Sunday, March 4, 2018

Lovecraft's Cthulhu (review)

Spoilers ahoy!

H.P.Lovecraft created what can be seen as modern horror, in which mere humans confront their total impotence and unimportance in the cosmic scale of things, a cosmos both unknowable and by our standards worse than psychopathic.

Lovecraft's Cthulhu marks Zombie Joe's premiere effort to bring something of Lovecraft to the stage. Others have done something similar such as the Visceral, or Chicago's Wildclaw.  To be fair I walked in to take my seat, feeling excitement.  I hoped to be surprised and delighted.

And I was!

Credit: Brandon Slezak
The play--done very much as an elaborate Reader's Theatre event--essentially turned out to be an adaptation of a seminal tale in Lovecraft's "mythos," the long short story "The Call of Cthulhu."  If all this is new, don't worry about pronouncing the title. The word is meant to be pronounced by a being with nothing at all like the mouth of a human being.

Writer/director Denise Devin took this story and made relatively few cuts, then set up a wonderful cast (August Browning, Brian Caelleigh, Ian Heath, Susan Holmstrom, Natasha Krause, Kevin Maphis, Madeleine Miller, Jonica Patella, Enrique Quintero, Elif Savas) to take turns reciting the text, coupled with movements and a few props to create a feeling very like telling a story around a campfire at midnight--only more.  Sometimes they re-enacted highlights of the story, or followed specific characters.

Credit: Brandon Slezak
Usually, when cast members talk directly to the audience, this proves problematical.  Usually.  Not this time.  Rather, the power of the story comes across as every single actor clearly tried to explain this horrible thing they--as surrogates/incarnations of the narrator--learned and hopes no one else ever does.  So why tell it?  Because they cannot remain silent.  They must speak aloud.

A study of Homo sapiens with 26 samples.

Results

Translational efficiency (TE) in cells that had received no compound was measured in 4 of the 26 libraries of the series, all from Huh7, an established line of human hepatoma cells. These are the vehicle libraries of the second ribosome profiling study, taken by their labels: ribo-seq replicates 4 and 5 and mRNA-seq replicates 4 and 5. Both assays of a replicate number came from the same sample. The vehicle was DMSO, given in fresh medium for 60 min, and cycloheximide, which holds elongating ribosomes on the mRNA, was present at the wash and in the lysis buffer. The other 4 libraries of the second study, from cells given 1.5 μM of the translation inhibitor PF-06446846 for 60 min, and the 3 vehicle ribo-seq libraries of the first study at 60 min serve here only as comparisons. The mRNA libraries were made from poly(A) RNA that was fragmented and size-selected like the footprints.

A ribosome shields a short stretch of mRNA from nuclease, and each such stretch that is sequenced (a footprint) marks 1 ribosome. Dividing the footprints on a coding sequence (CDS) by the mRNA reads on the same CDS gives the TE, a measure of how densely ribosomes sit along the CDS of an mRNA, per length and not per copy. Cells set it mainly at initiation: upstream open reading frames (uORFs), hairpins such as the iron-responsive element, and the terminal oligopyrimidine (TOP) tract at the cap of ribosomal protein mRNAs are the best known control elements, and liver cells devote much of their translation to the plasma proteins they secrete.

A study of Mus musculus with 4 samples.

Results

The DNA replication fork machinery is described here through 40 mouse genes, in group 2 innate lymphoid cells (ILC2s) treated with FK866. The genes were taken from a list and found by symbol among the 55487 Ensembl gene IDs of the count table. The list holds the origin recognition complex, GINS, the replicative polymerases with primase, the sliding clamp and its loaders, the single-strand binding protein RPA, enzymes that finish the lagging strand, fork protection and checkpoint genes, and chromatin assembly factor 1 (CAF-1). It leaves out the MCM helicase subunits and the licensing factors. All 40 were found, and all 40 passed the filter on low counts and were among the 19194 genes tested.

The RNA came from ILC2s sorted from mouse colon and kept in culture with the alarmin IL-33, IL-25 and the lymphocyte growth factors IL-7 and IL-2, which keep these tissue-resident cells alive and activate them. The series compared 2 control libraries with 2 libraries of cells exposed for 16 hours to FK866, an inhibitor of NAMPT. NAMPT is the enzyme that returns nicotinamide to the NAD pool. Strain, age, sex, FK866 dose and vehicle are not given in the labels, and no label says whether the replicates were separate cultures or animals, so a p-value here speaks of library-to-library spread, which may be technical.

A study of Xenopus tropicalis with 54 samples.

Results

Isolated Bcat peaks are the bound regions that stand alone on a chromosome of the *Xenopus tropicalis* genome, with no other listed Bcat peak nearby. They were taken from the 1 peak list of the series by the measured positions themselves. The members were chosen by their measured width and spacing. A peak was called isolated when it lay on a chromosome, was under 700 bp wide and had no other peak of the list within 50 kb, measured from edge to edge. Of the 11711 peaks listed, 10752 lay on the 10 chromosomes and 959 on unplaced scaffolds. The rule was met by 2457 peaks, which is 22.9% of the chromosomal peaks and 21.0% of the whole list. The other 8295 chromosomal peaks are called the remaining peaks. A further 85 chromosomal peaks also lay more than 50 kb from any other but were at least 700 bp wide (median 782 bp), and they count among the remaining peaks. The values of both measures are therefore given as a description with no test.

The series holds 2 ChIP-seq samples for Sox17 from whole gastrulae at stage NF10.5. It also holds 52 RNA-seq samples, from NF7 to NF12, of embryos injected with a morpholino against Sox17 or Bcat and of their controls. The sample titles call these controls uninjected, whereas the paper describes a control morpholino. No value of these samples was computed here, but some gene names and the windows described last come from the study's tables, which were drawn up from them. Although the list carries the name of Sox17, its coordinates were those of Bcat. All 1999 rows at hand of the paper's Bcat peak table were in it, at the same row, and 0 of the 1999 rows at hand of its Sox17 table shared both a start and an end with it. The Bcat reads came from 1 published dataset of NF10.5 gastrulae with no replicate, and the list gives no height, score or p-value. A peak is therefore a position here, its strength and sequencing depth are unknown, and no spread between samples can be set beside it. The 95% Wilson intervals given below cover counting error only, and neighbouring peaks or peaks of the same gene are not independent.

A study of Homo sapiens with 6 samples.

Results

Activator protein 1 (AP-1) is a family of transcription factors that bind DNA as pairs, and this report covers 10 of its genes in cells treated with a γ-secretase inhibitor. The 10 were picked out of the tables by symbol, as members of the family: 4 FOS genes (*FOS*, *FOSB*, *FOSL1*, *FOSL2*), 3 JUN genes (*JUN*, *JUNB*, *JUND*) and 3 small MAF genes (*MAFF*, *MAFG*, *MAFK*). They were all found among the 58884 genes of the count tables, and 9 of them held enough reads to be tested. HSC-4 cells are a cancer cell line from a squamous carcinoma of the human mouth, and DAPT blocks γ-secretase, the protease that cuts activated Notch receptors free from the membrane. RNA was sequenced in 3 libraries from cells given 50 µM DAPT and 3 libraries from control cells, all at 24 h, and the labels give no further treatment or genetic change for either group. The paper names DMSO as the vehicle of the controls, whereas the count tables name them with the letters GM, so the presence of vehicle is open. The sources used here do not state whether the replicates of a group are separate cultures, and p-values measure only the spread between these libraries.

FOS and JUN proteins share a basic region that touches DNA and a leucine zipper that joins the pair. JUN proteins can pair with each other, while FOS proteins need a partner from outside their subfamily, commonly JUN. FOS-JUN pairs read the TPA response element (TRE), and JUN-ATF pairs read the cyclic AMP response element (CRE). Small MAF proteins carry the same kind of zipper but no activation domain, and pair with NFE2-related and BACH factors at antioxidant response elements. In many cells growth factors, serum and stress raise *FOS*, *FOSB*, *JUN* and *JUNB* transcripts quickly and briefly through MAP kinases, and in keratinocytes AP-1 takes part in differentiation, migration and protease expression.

Must tell of the papers and clippings found in the old language professor's things after his slightly mysterious death.  Of the shocking reaction of lunatics and artists to something one particular week in one particular year.  How the clay sculptures fashioned by one particular artist indirectly led to a horrific story of a violent cult in New Orleans years earlier--a cult worshiping entities they call The Old Ones.

The Old Ones, creatures/beings/gods from beyond the stars, who came to this earth ages past and who now sleep, dreaming.  "Cthulhu" is their high priest, who shall when the stars are right once more, awake with all his wild, unknowable kind to let loose chaos and alien joys onto the world.

Credit: Brandon Slezak
Nor was this cult restricted to New Orleans.

In fact, a random chance leads the narrator to discover more, much more, about the fate of a schooner out of Australia, of whose crew only one survived a weird event in the middle of the Pacific Ocean--an event corresponding with that one week in one year the dead scholar had studied.

All this is a challenge to dramatize, since everything "happens" well in the past, with the narrator slowly realizing just what sort of world he lives in--and shudders at the revelation, knowing he will almost certainly soon die because the Cult must have noticed him by now.  Capturing that eerie sense of realization, of seeing oneself as tiny and unimportant, of knowing all human achievement is as nothing, doomed to eventual destruction at the whim of beings beyond comprehension--it makes for a challenge.  That challenge this director and ensemble meet.

Lovecraft's Cthulhu plays Fridays at 8:30pm and Sundays at 7pm until March 18, 2018 at Zombie Joe's Underground Theatre 4850 Lankershim Blvd. (just south of the NoHo Sign) North Hollywood, CA 91601.